Why Al Salvi Is Wrong About Guns
Last October, The Heartland Institute presented its Heartland Liberty Prize to Al Salvi for his outstanding efforts to promote individual liberty. We were impressed by the young U.S. Senate candidate's call for "less government and more freedom," and for his insistence that government's role be limited even on such tough issues as gun ownership.
You can imagine our disappointment, then, when Salvi reversed his position on gun ownership in an essay published on August 15 by the Chicago Sun-Times.
In his essay, titled "Why I Was Wrong About Guns," Salvi blames his election defeat on his support of gun rights. "Forget the intellectual arguments about the role of the federal government," he wrote. "Voters were right, I was wrong." He goes on to endorse the Brady Bill and a ban on "assault weapons" and to oppose laws that would allow some people to legally carry concealed weapons.
Unlike Salvi, we cannot casually set aside "the intellectual arguments" about the pros and cons of gun control. We know, for example, that cities and states with gun control laws do not experience lower crime or murder rates than those without them. We know that the vast majority of criminals' handguns -- some 93 percent -- are obtained from illegal sources, and therefore are not affected by waiting periods or outright bans. More gun control laws wouldn't reduce violent crime.
We also know that every year, adults use guns to protect themselves about 2.5 million times. For every life lost due to a gun, as many as 65 lives are saved. Potential victims kill between 2,000 and 3,000 criminals and wound an additional 9,000 to 17,000 each year.
Handguns are a particularly valuable form of protection for women, who often are physically smaller than their attackers and less able to repel an attack using other kinds of weapons. Contrary to popular myth, criminals are able to take a gun away from an armed victim less than one percent of the time. Guns, in short, are needed for self-protection.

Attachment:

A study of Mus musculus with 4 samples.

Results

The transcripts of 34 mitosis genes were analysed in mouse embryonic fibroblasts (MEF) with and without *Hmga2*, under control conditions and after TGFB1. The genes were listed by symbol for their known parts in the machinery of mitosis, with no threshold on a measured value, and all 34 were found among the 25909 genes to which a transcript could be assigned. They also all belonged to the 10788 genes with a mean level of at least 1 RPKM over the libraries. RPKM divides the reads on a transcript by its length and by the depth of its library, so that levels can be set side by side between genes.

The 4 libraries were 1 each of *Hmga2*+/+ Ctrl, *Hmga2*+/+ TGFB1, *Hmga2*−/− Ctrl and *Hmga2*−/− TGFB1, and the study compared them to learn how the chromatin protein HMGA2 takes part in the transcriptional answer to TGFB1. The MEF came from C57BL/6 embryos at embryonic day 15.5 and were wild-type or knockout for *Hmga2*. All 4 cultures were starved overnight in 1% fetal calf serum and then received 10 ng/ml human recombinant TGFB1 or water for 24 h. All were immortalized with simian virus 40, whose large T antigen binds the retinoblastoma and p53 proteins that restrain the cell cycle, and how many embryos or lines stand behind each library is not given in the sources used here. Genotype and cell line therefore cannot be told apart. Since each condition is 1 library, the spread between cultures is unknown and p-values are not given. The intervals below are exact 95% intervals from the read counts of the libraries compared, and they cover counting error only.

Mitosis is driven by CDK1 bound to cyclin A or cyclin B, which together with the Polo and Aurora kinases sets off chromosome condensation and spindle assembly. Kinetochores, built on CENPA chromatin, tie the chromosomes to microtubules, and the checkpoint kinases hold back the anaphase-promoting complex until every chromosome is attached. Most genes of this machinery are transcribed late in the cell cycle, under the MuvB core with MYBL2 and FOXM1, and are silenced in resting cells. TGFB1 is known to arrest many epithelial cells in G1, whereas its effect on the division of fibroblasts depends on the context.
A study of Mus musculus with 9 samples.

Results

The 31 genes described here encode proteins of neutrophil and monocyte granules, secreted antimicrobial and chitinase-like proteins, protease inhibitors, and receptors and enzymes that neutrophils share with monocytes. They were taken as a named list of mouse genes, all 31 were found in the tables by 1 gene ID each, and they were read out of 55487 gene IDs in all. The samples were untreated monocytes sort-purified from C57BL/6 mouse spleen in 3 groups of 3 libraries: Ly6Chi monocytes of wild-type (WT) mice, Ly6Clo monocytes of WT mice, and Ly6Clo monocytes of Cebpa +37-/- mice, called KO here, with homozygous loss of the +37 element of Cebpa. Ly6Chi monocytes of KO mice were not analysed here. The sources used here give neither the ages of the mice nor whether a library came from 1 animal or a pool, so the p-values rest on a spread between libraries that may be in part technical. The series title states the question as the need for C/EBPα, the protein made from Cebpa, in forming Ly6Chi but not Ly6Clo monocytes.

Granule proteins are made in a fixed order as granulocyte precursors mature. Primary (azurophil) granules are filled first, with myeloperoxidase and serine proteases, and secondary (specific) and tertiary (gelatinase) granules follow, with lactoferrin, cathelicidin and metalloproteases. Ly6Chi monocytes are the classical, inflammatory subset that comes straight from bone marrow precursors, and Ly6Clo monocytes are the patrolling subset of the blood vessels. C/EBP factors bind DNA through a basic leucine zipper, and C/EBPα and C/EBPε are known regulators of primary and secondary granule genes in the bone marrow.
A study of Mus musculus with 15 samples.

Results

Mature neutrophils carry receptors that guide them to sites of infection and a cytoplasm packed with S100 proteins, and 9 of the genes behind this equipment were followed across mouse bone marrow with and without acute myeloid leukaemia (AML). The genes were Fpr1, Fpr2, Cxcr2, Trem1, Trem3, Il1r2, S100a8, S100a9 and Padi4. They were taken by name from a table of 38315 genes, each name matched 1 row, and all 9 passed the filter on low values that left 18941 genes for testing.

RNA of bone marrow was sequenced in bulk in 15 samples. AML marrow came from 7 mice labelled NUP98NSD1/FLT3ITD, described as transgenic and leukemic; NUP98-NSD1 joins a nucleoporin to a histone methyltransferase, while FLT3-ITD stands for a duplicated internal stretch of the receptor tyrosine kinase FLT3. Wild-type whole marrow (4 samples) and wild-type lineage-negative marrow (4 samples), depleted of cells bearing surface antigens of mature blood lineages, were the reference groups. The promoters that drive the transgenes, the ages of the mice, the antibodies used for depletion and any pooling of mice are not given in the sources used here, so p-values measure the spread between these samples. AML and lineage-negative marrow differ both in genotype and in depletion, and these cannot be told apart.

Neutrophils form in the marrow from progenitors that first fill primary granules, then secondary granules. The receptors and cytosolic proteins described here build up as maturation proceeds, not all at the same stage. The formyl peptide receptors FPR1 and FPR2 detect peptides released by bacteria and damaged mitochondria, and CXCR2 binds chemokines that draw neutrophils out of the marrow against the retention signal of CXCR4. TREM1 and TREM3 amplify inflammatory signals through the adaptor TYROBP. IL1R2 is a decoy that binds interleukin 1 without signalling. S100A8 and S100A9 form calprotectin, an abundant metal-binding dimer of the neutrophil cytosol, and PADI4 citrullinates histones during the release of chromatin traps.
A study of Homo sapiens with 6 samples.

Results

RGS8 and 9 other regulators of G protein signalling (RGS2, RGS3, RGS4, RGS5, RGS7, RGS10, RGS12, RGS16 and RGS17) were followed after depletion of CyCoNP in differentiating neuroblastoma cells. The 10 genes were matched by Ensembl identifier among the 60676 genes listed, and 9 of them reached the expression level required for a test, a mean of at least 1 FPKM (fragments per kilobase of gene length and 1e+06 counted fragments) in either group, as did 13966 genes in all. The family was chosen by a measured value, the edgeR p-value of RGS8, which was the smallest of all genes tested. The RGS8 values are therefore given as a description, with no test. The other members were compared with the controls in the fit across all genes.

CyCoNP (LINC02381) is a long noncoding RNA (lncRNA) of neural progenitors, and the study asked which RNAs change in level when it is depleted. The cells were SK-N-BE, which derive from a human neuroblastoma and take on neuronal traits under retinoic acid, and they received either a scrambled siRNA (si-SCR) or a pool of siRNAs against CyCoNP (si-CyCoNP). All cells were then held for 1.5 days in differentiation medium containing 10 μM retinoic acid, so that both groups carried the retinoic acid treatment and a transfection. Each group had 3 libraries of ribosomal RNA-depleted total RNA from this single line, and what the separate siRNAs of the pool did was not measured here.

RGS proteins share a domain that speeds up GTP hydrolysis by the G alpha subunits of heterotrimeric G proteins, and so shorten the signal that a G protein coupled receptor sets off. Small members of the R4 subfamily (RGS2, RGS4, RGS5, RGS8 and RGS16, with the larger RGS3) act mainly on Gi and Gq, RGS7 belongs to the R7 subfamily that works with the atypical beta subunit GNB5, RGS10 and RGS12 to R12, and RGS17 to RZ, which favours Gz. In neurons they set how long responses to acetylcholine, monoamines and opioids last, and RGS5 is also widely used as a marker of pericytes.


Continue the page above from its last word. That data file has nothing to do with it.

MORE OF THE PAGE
The Brady Bill, which requires mandatory background checks on would-be gun buyers, should not be an issue in Illinois politics, since such checks are already required under state law. We were astounded when anti-gun forces implied that Salvi's election might mean the end of background checks in Illinois.
A ban on "assault weapons" would have no effect on violent crime because such weapons, when used for criminal purposes, are invariably purchased illegally. Legally owned machine guns, for example, have not been responsible for a single civilian death in the past fifty years. Moreover, military-style "assault weapons" of any kind are rarely used by criminals: from 1991 through 1993 in Chicago, a grand total of three homicides were perpetrated with an "assault weapon" out of a total of more than 2,500 homicides.
In his essay, Salvi says his support of gun rights was inconsistent with his support for "family values." That is plausible only at the most superficial level. There is nothing "pro-family" about using gun laws to disarm single women and families, making them more likely to be victimized by urban predators. There is nothing "pro-family" about making our streets and neighborhoods less safe or by making criminals out of parents seeking to protect their families from thugs and gangs. By what logic do laws that violate our right to privacy and freedom from unreasonable searches and seizure become "pro-family"?
Salvi says he is considering making another run for the U.S. Senate. His essay makes clear that he is changing his public stance on gun laws in order to become more electable, not because he believes gun control is working where it has been tried, or that Second Amendment rights are no longer worthy of protection.
It is sad testimony to the public's lack of understanding of gun issues, and to mass media's misrepresentation of gun facts, that an intelligent and idealistic candidate such as Al Salvi must abandon positions he knows to be right in order to be electable. If this is indeed the "real world" of politics, then is it any wonder why government so frequently fails to solve social and economic problems?
The facts about gun control cited in this essay are documented in "Taking Aim at Gun Control," by Daniel D. Polsby and Dennis Brennen.